PointsBet reported revenue of AU$178.1m (£989,877/€1.1m) in its half-year results ended 31 December 2022, up by 28% yearly, but losses widened to AU$178.1m.
The net loss grew by 21.7% year-on-year. Much of the costs during the six month period went to PointsBet’s American operations – operations that also happened to be an important part of the business’ revenue results, making up AUS$75.0m of the total. This was 86.1% higher than in H1 2022.
PointsBet launched is sports betting product in Kansas and Louisiana in September 2022, followed by Maryland in November when the state’s market officially opened.
By the time the half-year period had ended, PointsBet was live with mobile betting in 14 states, retail wagering in three, and online casino in four.
Since then, in January, PointsBet launched a new retail sportsbook in Illinois, marking its fourth retail location.
Sam Swanell, managing director and group CEO at PointsBet, said that the operator had performed strongly in the US during the period.
“These results show our North American strategy is delivering – revenue growth is up and costs are going down,” he said. “In the United States – the largest and fastest growing online betting market in the world, we are the 7th largest online gaming operator, out of a field of over 60 licensed online operators.”
He also praised the operator’s Australian results, despite revenue slipping slightly from AU$97.6m in half year 2022 to AU$95.3m.
Last month, PointsBet entered discussions to sell the Australian arm of its business to NTD Limited, a venture headed by News Corp. NTD Limited operates the Betr brand in Australia.
Betr, which was founded by influencer Jake Paul and Simplebet co-founder Joe Levy, was first launched in August 2022.
“The Australian business is continuing to deliver,” he continued. “In Australia, total turnover was AU$1.55bn, up 14% on the prior corresponding period (PCP) and total net win was AU$105.3m down 2% on the PCP.”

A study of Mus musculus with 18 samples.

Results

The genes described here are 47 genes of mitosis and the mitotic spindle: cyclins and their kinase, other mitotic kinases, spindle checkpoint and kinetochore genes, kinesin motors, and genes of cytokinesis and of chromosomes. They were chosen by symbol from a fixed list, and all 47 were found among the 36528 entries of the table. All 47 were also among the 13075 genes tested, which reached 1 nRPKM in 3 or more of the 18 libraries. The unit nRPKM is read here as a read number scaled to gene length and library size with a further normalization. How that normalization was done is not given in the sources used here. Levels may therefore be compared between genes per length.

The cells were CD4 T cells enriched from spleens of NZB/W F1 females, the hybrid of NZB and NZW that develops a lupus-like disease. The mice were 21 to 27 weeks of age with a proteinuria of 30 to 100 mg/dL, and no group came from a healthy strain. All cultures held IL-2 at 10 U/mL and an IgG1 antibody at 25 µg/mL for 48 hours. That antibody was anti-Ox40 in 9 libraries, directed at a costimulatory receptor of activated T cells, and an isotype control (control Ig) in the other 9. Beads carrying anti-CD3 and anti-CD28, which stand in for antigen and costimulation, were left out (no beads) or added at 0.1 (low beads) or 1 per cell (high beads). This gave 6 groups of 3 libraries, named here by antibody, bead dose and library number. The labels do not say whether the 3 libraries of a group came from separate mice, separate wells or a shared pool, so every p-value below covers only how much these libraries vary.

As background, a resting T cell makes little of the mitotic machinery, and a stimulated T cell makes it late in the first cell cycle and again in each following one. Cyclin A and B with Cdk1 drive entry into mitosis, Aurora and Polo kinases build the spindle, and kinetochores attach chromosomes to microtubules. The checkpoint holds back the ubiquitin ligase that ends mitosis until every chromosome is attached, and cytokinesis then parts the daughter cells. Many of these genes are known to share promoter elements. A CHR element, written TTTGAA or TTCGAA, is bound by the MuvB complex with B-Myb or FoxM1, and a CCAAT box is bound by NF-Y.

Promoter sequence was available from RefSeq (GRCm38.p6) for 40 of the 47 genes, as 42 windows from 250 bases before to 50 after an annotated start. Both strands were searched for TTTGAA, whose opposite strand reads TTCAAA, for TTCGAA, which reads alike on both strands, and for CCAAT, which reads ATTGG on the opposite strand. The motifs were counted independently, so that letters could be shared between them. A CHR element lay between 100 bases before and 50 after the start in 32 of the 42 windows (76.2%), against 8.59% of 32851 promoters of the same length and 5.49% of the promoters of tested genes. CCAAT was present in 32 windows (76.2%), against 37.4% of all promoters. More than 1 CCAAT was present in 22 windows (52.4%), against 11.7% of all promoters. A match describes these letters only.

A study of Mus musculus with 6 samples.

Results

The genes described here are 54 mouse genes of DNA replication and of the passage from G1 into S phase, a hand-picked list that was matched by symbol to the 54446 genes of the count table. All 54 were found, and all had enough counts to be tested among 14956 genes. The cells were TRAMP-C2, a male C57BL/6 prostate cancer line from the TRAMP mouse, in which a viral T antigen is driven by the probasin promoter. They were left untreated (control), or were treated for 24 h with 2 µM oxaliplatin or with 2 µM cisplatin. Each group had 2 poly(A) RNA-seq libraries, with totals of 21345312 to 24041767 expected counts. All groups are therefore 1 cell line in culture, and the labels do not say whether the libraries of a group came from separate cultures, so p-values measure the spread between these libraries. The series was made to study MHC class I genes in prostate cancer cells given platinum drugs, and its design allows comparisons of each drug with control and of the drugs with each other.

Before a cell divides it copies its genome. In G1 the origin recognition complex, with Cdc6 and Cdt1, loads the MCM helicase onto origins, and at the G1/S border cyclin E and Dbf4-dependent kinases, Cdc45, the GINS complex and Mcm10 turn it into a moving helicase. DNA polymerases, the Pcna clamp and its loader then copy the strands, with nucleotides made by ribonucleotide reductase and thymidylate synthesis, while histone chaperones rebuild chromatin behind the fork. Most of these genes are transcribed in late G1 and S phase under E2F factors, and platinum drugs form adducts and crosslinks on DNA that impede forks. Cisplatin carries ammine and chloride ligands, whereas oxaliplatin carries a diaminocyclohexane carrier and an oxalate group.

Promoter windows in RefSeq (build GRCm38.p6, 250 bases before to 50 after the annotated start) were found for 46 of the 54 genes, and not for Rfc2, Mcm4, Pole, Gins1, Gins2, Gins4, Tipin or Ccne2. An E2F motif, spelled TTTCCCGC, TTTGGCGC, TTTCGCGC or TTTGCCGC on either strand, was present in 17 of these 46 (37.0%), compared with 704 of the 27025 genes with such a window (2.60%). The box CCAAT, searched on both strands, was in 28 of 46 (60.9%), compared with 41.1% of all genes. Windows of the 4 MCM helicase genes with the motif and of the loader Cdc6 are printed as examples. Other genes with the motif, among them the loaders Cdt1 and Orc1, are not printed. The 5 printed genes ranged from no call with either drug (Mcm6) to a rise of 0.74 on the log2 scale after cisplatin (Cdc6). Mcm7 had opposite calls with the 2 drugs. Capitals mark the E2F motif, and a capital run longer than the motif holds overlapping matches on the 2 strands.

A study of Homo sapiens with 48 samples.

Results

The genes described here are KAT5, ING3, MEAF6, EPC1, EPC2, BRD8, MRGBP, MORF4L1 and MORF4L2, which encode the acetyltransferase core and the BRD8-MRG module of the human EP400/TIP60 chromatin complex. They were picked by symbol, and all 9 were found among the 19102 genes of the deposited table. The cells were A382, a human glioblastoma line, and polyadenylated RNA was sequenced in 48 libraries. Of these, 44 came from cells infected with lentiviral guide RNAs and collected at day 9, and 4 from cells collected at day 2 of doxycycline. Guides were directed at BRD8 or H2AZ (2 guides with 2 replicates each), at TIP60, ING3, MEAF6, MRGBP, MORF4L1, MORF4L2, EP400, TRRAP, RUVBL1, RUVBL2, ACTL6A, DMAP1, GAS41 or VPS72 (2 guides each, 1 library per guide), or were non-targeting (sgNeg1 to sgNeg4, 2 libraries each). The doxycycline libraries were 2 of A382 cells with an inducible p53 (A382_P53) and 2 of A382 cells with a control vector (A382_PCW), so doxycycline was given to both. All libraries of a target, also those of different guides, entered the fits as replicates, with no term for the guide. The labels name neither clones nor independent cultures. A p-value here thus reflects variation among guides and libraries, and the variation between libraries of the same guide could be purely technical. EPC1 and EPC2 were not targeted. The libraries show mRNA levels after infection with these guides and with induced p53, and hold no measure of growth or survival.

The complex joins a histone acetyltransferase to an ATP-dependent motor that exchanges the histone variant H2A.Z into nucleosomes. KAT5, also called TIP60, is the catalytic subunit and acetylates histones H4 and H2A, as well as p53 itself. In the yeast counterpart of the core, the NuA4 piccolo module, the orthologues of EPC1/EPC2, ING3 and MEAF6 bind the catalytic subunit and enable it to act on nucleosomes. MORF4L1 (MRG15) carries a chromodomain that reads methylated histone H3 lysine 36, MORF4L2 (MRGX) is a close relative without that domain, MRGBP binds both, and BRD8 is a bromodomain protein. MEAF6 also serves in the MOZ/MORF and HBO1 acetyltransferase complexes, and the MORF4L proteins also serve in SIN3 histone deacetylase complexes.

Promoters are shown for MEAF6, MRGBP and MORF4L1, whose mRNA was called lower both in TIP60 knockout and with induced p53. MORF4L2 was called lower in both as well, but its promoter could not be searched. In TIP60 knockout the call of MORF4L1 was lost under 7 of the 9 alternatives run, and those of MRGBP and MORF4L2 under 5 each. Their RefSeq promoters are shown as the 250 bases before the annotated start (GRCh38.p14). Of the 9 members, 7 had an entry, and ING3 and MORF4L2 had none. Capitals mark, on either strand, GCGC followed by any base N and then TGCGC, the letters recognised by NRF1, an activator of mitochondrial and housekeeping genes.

Breakdown by region
PointsBet generated AUS$6.7m in revenue from its Canadian operations, for which there was no prior corresponding figure as the Canadian sports betting market opened on 4 April 2022 . Technology contributed the remaining AUS$1.1m in revenue, a fall of 9.0% yearly.
Total handle for the period was AU$3.2bn, up by 39.8% year-on-year. Here, the US contribution was highest, at AU$1.57bn – a significant rise of 66.0% yearly.
Handle from Australia was AU$1.55bn, increasing by 14.1%. For Canada, handle was AU$101.3m.
Total sports betting net win came to AU$158.2m, up by 13.6%. By region, sports betting net win remained largely stable in Australia, dipping by 2.4%.
However this was slightly more dramatic in the US, where sports betting net win grew 62.0%.
PointsBet H1 results
Cost of sales, totaling AU$108.2m, resulted in net profit of AU$69.8m. This net profit was 27.6% higher than in the previous year’s H1.
Other income at AU$3.7m – consisting of net foreign exchange gains of AU$3.6m and research and development income at AU$115,000 – offset this slightly.
Turning to expenses, marketing costs at AU$131.3m were the highest of the period. This was followed by employee benefits expenses at AU$74.9m and depreciation and amortisation costs at AU$22.5m.
The remaining AU$26.8m stemmed from a variety of other costs, including consulting expenses and administration expenses.
For the six-month period, expenses totaled at AU$255.6m – AU$57.3m higher year-on-year.
Following finance income at AU$4.6m and finance expenses at AU$2.1m, the loss before income tax was AU$179.6m.
After considering income tax benefit of AU$1.4m, the total loss for the period hit AU$178.1m.